The University Record, June 19, 1995


Robert C. Hendrix

Robert C. Hendrix, professor emeritus of pathology, died at his home on June 12 following a long illness. He was 76.

Hendrix received a master’s degree in zoology and an M.D. from the U-M in 1941 and 1948, respectively. He became a full professor of pathology in the Medical School in 1965 and remained in that position until retirement in 1983.

In addition to his academic work, he was known for his role as Washtenaw County deputy medical examiner. During the nearly 40 years he held that title, he performed thousands of autopsies and helped in many criminal investigations. Among the most notorious cases were the so-called “co-ed murders” that ended in the early 1970s with the conviction of John Norman Collins, and the trial of U-M psychology major Leo Kelly, who was convicted for the shooting deaths of two students in Bursley Hall in the 1980s.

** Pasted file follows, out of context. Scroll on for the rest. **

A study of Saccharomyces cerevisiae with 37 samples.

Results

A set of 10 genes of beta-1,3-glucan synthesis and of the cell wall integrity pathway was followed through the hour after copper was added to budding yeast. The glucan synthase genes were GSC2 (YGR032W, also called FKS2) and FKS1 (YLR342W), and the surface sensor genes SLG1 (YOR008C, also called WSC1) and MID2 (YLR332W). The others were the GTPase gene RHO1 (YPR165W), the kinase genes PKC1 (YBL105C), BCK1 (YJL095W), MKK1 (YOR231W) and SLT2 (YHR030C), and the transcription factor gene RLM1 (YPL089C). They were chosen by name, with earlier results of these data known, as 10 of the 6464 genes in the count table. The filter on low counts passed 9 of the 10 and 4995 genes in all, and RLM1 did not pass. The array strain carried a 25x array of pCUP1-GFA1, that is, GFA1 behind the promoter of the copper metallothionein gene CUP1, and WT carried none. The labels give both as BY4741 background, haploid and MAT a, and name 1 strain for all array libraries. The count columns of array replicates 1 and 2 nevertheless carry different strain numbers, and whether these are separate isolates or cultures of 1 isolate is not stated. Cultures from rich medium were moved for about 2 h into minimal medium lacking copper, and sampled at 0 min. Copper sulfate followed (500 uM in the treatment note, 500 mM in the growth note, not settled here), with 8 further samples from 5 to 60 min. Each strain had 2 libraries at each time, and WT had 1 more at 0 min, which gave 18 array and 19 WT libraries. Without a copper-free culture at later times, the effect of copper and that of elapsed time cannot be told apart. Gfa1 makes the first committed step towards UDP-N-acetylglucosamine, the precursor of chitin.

Hendrix was the first president of the Michigan Association of Medical Examiners and was a member of the Washtenaw County Medical Society, the Michigan State Medical Society and the Michigan Society of Pathologists. He authored 28 publications and co-authored three books. After retiring he continued to provide consulting services in forensic pathology.

In addition to his wife, he is survived by four children and eight grandchildren. A memorial service was held at Muehlig Funeral Chapel June 17. Memorial contributions may be made to the Leukemia Society of America or the Nature Conservancy of Michigan.